PASOK Blames New Democracy, SYRIZA for Diaspora Voter Apathy

December 28, 2022

ATHENS – Restrictions put on a long-promised law allowing Greeks abroad to vote in elections – the race for the Prime Minister’s race coming in 2023 – has seen massive disinterest and blame being cast.

Only some 3,500 people around the world who qualified bothered to register, and the PASOK-KINAL Movement for Change center-left re-surging merged party said it’s the fault of the major opposition SYRIZA and ruling New Democracy.

While in power, SYRIZA imposed strict conditions in an apparent bid to hold down the vote abroad in belief it would go mostly to New Democracy, but the Conservatives did little to change it.

Those eligible to vote must have had a two-year stay in Greece for the last 35 years and those over 30 must be tax-registered in Greece, measures so strict that relatively few could qualify and most of those who could stayed away.

Unlike other countries which let their residents abroad vote in elections – such as Americans living in Greece – Greeks overseas were left out in the cold for generations despite repeated promises to make it easier for them.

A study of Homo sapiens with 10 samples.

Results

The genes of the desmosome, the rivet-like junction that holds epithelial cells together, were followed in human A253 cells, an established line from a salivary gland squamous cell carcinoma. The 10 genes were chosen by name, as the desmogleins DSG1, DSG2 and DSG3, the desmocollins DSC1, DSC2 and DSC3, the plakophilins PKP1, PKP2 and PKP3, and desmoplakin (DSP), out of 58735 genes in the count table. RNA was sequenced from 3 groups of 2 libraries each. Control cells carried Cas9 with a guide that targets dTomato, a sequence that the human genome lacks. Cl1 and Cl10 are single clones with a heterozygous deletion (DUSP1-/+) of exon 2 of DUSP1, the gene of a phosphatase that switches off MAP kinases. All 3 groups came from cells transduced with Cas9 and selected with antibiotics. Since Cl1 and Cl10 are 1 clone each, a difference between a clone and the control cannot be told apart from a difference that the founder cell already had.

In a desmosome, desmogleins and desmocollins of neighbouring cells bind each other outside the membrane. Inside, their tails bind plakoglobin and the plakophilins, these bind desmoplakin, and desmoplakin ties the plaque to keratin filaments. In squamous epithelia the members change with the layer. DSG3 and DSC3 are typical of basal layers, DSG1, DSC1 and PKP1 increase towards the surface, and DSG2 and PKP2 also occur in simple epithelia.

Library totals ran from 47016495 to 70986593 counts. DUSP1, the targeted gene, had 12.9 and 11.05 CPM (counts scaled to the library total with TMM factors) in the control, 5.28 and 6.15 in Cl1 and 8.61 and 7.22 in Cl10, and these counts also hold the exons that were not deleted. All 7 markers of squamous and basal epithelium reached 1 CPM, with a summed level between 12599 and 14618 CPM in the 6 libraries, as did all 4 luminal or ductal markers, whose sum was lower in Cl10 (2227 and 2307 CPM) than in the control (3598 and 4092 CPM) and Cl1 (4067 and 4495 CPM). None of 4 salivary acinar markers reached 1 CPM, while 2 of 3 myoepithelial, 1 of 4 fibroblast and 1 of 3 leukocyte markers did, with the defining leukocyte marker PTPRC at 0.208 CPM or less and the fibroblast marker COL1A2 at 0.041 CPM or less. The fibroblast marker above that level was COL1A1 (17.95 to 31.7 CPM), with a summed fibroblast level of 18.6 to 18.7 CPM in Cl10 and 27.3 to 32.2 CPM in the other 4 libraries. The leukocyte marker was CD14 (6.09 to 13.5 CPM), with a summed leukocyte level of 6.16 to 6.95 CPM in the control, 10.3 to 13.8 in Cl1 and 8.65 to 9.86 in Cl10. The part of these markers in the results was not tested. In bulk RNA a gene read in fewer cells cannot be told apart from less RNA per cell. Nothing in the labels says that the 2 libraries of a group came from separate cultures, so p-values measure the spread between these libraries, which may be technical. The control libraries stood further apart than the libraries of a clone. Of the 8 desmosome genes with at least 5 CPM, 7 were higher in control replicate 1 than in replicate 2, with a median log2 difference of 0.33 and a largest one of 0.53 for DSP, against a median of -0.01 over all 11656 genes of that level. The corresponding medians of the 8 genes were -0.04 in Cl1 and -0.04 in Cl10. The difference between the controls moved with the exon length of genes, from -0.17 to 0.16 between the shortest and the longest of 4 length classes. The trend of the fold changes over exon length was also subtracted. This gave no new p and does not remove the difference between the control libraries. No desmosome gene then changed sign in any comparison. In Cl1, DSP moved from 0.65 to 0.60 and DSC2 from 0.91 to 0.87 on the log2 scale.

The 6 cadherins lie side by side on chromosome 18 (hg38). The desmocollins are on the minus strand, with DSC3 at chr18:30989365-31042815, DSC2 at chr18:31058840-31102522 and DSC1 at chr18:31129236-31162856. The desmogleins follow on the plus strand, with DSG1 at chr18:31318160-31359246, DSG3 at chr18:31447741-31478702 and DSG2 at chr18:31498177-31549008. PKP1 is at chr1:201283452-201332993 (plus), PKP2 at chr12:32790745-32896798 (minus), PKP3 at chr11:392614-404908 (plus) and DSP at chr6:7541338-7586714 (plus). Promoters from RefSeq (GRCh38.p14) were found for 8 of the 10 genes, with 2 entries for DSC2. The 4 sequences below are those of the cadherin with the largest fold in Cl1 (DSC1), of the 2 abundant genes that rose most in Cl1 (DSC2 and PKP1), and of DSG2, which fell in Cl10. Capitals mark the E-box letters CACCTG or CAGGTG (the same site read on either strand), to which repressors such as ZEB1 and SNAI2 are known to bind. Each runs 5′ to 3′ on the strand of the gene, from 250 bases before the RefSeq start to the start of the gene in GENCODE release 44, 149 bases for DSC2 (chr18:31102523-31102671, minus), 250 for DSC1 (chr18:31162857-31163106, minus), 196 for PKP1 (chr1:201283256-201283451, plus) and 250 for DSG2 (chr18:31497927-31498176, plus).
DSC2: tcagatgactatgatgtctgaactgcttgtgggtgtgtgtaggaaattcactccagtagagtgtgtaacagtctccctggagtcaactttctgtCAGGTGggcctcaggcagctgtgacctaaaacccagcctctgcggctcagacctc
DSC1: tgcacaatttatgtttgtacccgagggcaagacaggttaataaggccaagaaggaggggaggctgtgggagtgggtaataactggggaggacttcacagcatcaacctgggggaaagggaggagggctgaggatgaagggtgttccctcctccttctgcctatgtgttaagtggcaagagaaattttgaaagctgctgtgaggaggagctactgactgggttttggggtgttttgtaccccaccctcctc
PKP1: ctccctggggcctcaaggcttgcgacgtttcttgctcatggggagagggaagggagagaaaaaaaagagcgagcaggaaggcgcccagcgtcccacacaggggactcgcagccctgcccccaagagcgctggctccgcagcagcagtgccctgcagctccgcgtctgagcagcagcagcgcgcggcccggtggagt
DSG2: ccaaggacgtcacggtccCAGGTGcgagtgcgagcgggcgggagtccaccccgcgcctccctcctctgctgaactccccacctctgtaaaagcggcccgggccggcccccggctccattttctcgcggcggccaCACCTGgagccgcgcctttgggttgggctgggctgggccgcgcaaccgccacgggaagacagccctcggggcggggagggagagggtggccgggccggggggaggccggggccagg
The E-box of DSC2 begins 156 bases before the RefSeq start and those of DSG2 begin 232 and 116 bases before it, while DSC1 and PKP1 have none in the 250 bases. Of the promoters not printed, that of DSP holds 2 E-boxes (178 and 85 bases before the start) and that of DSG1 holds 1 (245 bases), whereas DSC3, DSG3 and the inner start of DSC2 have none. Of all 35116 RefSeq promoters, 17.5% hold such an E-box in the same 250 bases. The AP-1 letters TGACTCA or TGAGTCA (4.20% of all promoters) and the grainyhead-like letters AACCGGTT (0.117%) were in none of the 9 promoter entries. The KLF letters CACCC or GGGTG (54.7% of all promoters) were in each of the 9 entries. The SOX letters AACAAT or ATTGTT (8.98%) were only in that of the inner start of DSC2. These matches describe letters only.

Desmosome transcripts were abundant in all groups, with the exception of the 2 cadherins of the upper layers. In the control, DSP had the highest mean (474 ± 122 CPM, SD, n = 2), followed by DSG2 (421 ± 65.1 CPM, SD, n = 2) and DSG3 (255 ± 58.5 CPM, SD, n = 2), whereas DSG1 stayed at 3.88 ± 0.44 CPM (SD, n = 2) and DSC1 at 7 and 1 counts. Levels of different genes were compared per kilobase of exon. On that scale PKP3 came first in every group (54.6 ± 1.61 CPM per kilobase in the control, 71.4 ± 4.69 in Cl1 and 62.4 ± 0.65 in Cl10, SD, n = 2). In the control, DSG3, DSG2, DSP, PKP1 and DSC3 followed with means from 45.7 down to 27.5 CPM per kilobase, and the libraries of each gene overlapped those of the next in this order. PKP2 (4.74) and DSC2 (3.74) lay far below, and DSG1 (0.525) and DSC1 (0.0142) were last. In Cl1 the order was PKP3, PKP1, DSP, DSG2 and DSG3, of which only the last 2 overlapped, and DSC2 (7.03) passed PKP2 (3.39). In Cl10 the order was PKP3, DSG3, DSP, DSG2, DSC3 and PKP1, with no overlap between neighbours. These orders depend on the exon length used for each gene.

The limitations essentially “practically cancelled the large-scale electoral participation of Greeks residing abroad,” PASOK said, the state-run Athens-Macedonia News Agency ANA-MPA reported.

“Even expensive awareness campaigns failed to mobilize our fellow-Greeks who live abroad and have a right to participate,” PASOK said, noting the tepid response was far from the scores of thousands who fled Greece for other countries during an eight-year long economic crisis.

PASOK criticized New Democracy for “floating the idea through leaks that it will change the law once again, reducing the number of representatives for Greeks of the Diaspora in the next parliamentary cycle.””

New Democracy “wants to cancel the first mistake by committing another,” instead of improving it. “This points to a quiet admission of failure and to yet another anti-institutional choice by the ruling party that we will not agree to,” it underlined.


ATHENS - Prime Minister Kyriakos Mitsotakis called on the voters to send a message of stability in the European Parliament elections on June 9, noting that the country has a stable four-year government and that political instability is "the last thing it needs".